By Rebecca J. Barnabi
For Augusta Free Press

Abby Boxler Arey
Photo courtesy Abby Boxler Arey.

WAYNESBORO — A teacher often leaves her mark on students, but how often does a school leave its mark on a teacher?

Wenonah Elementary School created a foundation for Abby Boxler Arey, assistant principal of Stuarts Draft Elementary School for two years, as an educator.

This summer, Arey will return to that foundation as principal of Wenonah Elementary.

“I had taught there, and I loved it,” Arey, who was at Stuarts Draft Elementary for eight years, said of her first teaching position, teaching 3rd graders at Wenonah Elementary for seven years starting in 2006.

She left to pursue a position as an instructional teacher, which eventually brought her to Augusta County Public Schools, the school system in which she grew up. Arey graduated from Fort Defiance High School in 2002.

“I just really kind of felt like this tugging that maybe I wanted to pursue something administrative,” Arey said.

When she heard of the possibility to be principal of Wenonah Elementary, she “really was just giddy.”

Her career has “just very much come full circle,” she said. “I loved that school.”

Wenonah has a “special community” and “amazing kids,” according to Arey.

“It’s just a magical place,” she said.

Leaving Stuarts Draft Elementary will be bittersweet, however, for the mother of two. Arey’s son, Cy, is 10 years old, and daughter, Rosee, is 5.

“But, really, my foundation as an educator comes from the foundation that was set for me at Wenonah Elementary School,” Arey, a 2018 Dawbarn Education Award recipient, said.

And the elementary school, which is one of four in the River City, also holds important personal significance.

Arey and her husband, Jeff, became engaged and were married while she was a teacher at Wenonah.

Knowing the Wenonah community, Arey said she is excited for her husband and children to also experience Wenonah with her.

Also while a teacher at Wenonah, Arey’s younger sister, MaDee Boxler, was diagnosed with Hodgkin’s Lymphoma in early 2008.

Arey said that Waynesboro Schools supported the Boxler family and conducted fundraisers to help with medical expenses.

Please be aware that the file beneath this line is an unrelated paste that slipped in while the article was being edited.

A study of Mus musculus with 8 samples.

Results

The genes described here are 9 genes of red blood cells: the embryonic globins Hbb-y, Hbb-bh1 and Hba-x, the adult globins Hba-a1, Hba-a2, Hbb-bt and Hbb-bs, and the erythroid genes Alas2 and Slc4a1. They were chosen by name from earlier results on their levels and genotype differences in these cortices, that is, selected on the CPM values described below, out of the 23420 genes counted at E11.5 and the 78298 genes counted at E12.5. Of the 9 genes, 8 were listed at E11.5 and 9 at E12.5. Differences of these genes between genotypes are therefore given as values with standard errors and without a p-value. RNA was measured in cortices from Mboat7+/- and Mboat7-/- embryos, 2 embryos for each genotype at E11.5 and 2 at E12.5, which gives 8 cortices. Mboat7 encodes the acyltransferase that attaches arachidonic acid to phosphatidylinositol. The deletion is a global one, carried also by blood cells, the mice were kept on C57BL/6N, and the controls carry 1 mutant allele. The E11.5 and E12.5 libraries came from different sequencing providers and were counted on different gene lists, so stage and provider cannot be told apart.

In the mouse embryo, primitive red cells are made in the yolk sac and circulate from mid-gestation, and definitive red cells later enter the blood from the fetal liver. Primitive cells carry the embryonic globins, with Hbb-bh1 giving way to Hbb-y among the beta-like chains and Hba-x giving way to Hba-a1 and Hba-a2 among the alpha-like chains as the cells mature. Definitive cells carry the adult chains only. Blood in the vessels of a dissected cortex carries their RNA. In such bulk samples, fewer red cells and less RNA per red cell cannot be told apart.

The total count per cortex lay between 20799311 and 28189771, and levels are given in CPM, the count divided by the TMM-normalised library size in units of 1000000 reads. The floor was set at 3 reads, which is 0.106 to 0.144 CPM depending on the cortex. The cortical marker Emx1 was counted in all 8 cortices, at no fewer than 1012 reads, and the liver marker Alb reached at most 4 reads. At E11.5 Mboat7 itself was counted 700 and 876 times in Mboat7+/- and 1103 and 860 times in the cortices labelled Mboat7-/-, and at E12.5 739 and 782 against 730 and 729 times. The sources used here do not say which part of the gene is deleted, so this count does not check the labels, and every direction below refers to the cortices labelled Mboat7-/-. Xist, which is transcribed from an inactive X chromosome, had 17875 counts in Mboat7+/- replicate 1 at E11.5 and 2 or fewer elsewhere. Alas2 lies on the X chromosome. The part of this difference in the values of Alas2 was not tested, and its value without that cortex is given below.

Prints of schools in the school system are on display at Waynesboro Schools’ central office and each of the school system’s seven buildings that were painted to help raise money for MaDee Boxler.

Boxler died Feb. 16, 2010, and on her birthday that year, October 24, The MaDee Project was founded.

Through fundraising events and donations, the nonprofit helps families in Waynesboro, Augusta County and Staunton when a loved one under age 22 is battling cancer by paying for travel expenses, medical expenses, prescriptions and more.

Wenonah Elementary was the only school where MaDee Boxler saw her sister teach. At the beginning of each academic year, Arey said that her sister would help her set up her classroom at Wenonah.

“That’s very special to me as well, because it’s a setting where I can see her in the classroom,” Arey said of memories of her sister. “There’s a lot of sentimental value in that for me.”

On July 1, Arey will assume her duties as principal. She said she is excited to work with Waynesboro Schools Superintendent Dr. Jeff Cassell, and with Assistant Superintendent Vermell Grant, whom she worked with when she was a teacher at Wenonah.

Arey is also looking forward to “what it feels like to be a leader in a small [school] division.”

“I’m excited to see how that feels working in an administrative role in a smaller division that works as a community,” Arey said of Waynesboro Schools.

Arey said she thinks she can make a difference as principal of Wenonah Elementary.

“Ultimately, it very much feels like something God called me to do,” she said.

And she said she will begin by doing a lot of listening to discover the needs of teachers, staff and students, as well as encourage students and families to reengage with Wenonah Elementary as the River City begins to emerge from a global pandemic.

Arey said that it’s “really important to get students and families back in our doors, and passionate [about education] again.”

She always wants to ensure that Wenonah’s teachers know they are appreciated.

Arey said she will be visible, get to know students and staff, and that she is “wanting to be a school family.”

The foundation created at Wenonah helped prepare Arey as an educator, and her time at Stuarts Draft Elementary prepared her to be a leader. Arey said she thinks “all of it” came at the right time for her to become principal and return to her foundation.